Good now has a portfolio that combines its Good for Enterprise secure email platform and Good Dynamics mobile application management infrastructure with BoxTone's service management capabilities.
This could make Good attractive as either an acquisition target or an initial public offering, according to Michael Finneran, mobile analyst and president of dBrn Associates in Hewlett Neck, N.Y.
These [EMM] rollups are ultimately going to be the most valuable.
Craig Mathias, IT consultant, Farpoint Group
"It expands [Good's] capabilities, but I'm still betting the independent [mobile device management] market disappears in the next 12 to 18 months," Finneran said. "Everybody's going to get bought by somebody."
Consolidation is natural and it's going to continue, with mergers and acquisitions more likely in the EMM space compared to initial public offerings, according to Craig Mathias, principal at IT consultancy Farpoint Group in Ashland, Mass.
"These rollups are ultimately going to be the most valuable," Mathias said, citing IBM's acquisition of Fiberlink in late 2013 as an example of a large company adding a piece it didn't have in Fiberlink's cloud-based MaaS360 platform.
BoxTone has an industry foothold as a mobile service management provider and recently touted a new free Web tool that allows companies to calculate their total cost of mobile ownership. They've also developed a cloud-based mobile device management platform that has received adoption from major carriers in Japan, including KDDI and NTT DOCOMO, and could provide Good with an opportunity to expand more in that market.
"That's a fairly comprehensive offering," Mathias said of Good with BoxTone under its roof.
Because of its small 1,000-customer base, BoxTone had long been seen by industry watchers as a candidate for acquisition in a market that has seen a staggering amount of consolidation in recent months.
When asked what the BoxTone acquisition meant for the future of her company, Good CEO Christy Wyatt would not tip her hand either way, although another Good executive recently commented on the company's "acquisitive" nature.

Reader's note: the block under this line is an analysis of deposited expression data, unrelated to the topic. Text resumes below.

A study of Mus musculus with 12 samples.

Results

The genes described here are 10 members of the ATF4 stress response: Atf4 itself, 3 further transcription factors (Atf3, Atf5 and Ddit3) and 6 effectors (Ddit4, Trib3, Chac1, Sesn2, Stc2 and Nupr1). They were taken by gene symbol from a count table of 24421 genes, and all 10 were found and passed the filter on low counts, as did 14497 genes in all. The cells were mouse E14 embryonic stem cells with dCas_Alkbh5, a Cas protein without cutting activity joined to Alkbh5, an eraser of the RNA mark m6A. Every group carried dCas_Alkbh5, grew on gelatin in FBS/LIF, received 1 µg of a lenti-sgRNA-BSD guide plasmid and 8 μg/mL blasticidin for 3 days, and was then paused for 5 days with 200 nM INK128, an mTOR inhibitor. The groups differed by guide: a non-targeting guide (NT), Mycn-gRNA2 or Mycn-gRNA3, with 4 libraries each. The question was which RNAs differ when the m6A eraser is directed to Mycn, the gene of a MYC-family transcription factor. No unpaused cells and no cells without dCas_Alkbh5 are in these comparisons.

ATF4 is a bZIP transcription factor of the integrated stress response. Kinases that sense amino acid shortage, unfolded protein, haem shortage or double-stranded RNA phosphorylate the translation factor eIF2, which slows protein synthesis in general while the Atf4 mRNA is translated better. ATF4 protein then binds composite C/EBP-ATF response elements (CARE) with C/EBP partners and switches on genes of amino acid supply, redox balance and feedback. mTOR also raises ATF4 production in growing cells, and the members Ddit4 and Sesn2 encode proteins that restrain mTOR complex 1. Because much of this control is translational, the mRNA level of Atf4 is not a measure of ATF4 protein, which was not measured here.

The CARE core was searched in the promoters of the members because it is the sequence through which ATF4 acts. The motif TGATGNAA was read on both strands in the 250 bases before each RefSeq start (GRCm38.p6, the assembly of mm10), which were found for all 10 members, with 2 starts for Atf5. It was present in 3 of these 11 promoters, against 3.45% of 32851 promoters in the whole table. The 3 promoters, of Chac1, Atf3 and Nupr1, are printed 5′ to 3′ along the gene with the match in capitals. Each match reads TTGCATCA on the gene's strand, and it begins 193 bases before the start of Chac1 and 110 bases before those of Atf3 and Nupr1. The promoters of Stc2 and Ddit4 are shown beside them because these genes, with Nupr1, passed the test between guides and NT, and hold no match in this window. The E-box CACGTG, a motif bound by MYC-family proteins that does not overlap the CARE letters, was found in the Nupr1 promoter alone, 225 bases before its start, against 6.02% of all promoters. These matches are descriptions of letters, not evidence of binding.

Business as usual for BoxTone customers
Some Good or BoxTone customers could be wary about this deal, but because Good and BoxTone have been direct partners for nearly a year and a half, things should remain normal for BoxTone's customers, with better levels of support and integration, according to Wyatt.
Both companies said customers should expect no disruptions for BoxTone products and support.
"All the products are going to continue and we now have more resources to apply to the products," said Brian Reed, BoxTone's chief product officer. "There are other places we could have been acquired that were the types of places that could have chopped us [up] and run. That's not at all what this is."
EMM is a growth market, so it doesn't make sense for a company like Good to acquire BoxTone and then axe its capabilities, Finneran said.
EMM has evolved from the forte of smaller companies to larger ones, but smaller companies being purchased by larger ones doesn't necessarily make the smaller company's product better, according to Mathias.
"There's a better shot at the products having longevity and providing a more comprehensive set of functions if larger firms are behind the future innovations in the space," Mathias said.
Why BoxTone was a 'Good' fit
The fit between BoxTone and Good made sense because of a great deal of customer overlap in similar markets, according to Reed.
"It's clearly not a market for small players," Reed said, noting that Good, Citrix, VMware and IBM are the big players in the EMM space now. "Being part of a larger entity means we're better equipped for the battle. … If you're not in a company that's generating $150-$200 million in revenue with that kind of war chest to spend on go-to-market and [research and development], you're in trouble."
Good found an interest in BoxTone because of its approach in mapping out analytics for a company's mobile environment, Wyatt said.
"It's a tremendous amount of value for our customers in being able to do that kind of support and management for mobile as their deployments become increasingly hard and complex," Wyatt said.
There is no timetable for the acquisition to close, and while Wyatt would not comment on an exact dollar figure for the transaction, she put the valuation in the "hundreds, not the tens of millions" of dollars.